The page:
A quick round-up on each ofthe Nations and a few “other issues2 coming out of the tournament
So now that the politicians have had a moan about who’s at fault for the chaos on the M80 at Cumbernauld, we need to dig a little deeper into the issue.
Sure the weather is the main culprit, and there’s not much we can directly do about that. There were plenty of warnings about the possibility of problems with a Red Warning from the Met Office which was highlighted ahead of schedule by Transport Minister, Humza Yousaf. He was perhaps a little too enthusiastic in his foreboding before the Red Warning was actually issued and came across as another politician trying to grab the headlines – this probably reduced the potency of the crucial Met Office message as folk politely ignored him and carried on regardless.
But if we look back, we see that at the end of February 2017, the exact same problem arose in the exact same location hit us when “a weather bomb” from Storm Doris struck central Scotland.
Now this is the real issue – the same problem, happening in the same location, two years running – so this is what we should be encouraging our politicians to looks at. You should note that this stretch of road was upgraded to motorway as part of a Government project that was completed in 2011 at a cost of £320m.
As much as we like to criticise the Council, this is not a Council road, it is a Scottish Government road, so instead of laying blame at the foot of the hauliers, perhaps now the politicians can get some folk round a table and sort out what the issue is with the road they designed and now manage, and how the issue will be dealt with more effectively moving forward.
Piece put together for the WeegieRugby blog asking the question about the health of rugby in Scotland at a grassroots level.
Looking at West 1, 2 and 3, there’s plenty of challenge at the top and bottom of the leagues, but the number of unfulfilled games in these leagues and in the West Regional leagues, suggest that things are far from healthy. Continue reading There’s Plenty of Competition – But What is the Health of the Grassroots Game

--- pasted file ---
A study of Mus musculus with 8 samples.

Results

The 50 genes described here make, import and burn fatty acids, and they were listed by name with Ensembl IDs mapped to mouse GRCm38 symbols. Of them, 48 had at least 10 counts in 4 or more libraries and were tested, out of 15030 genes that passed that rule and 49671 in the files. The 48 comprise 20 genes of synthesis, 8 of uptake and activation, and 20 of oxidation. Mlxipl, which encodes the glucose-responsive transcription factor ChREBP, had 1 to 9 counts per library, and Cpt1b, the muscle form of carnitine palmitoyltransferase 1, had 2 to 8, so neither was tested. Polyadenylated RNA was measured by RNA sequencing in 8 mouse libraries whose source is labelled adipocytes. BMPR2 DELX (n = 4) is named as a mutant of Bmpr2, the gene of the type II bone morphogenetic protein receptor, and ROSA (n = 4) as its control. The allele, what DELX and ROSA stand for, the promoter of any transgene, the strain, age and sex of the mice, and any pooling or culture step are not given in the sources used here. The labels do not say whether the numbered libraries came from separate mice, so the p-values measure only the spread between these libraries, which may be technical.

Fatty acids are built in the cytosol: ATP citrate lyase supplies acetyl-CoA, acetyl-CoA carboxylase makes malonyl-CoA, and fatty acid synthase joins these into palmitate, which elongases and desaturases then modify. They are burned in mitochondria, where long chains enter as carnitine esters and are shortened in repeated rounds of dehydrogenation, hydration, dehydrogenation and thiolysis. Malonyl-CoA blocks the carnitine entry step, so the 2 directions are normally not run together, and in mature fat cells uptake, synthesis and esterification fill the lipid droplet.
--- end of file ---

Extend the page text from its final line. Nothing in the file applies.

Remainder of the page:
The Murrayfield marketing department have issued their update on the 7s globe trotting adventures under the headline of “Top 8 finish for Scotland 7s in Hamilton”, alas a little digging, and it didn’t take much, reveals that whilst they did finish 8th and pick up 10 points as a result, they only managed to win one game out of five.
They report that on a scale of 1-6 (6 being with the highest category of pollution), no places in Britain measured a 6 and, less than 1% measured a 4 or 5. 3/4s of the hot spots with the worst ratings are in London.
I’m fascinated by todays coverage of Harry & Meghan. Good for them, but don’t get how it’s the main headline story when as a nation we’re trying to come to terms with things like Brexit, ongoing harassment stories, Catalonia, political turmoil in Germany, whilst things like nuclear war with North Korea could be just around the corner, or perhaps we’ll get a major volcanic eruption in Bali.
When MT Agung erupted in 1963, there were 2000 people killed. But not to worry, we look likes we’ll get a Royal wedding in the spring.
Created by Ray Dalio this easy to follow 30 minute, animated video answers the question, “How does the economy really work?”
For years now (generations), rugby clubs and their social clubs have been synonymously linked, but perhaps now would be a good time to question if there are valid, commercial and sustainable logic behind the reasons for the practice.
The argument goes that rugby guys like a beer after the game, so why not have the rugby club run its’ own bar so the money is kept in the rugby club rather to some local hostelry who will keep the profit for itself.
In todays Irish Independent, author & columnist Billy Keane has a piece (Shame on World Rugby for putting money first) questioning World Rugbys ranking of the recent World Cup bids from South Africa, France and Ireland.
Founded in 2001, Moodle is a leading light in the opensource movement. By relying on partners (there’s currently 84 of them) to pay royalties for using the software, end-users get the software for free (but paying for support and services) whilst funds are generated for the central project.
But now, Martin Dougiamas, founder and CEO of Moodle Pty Ltd, has succumbed to an outside investor, with France based Education for the Many, injecting $6m dollars into the company.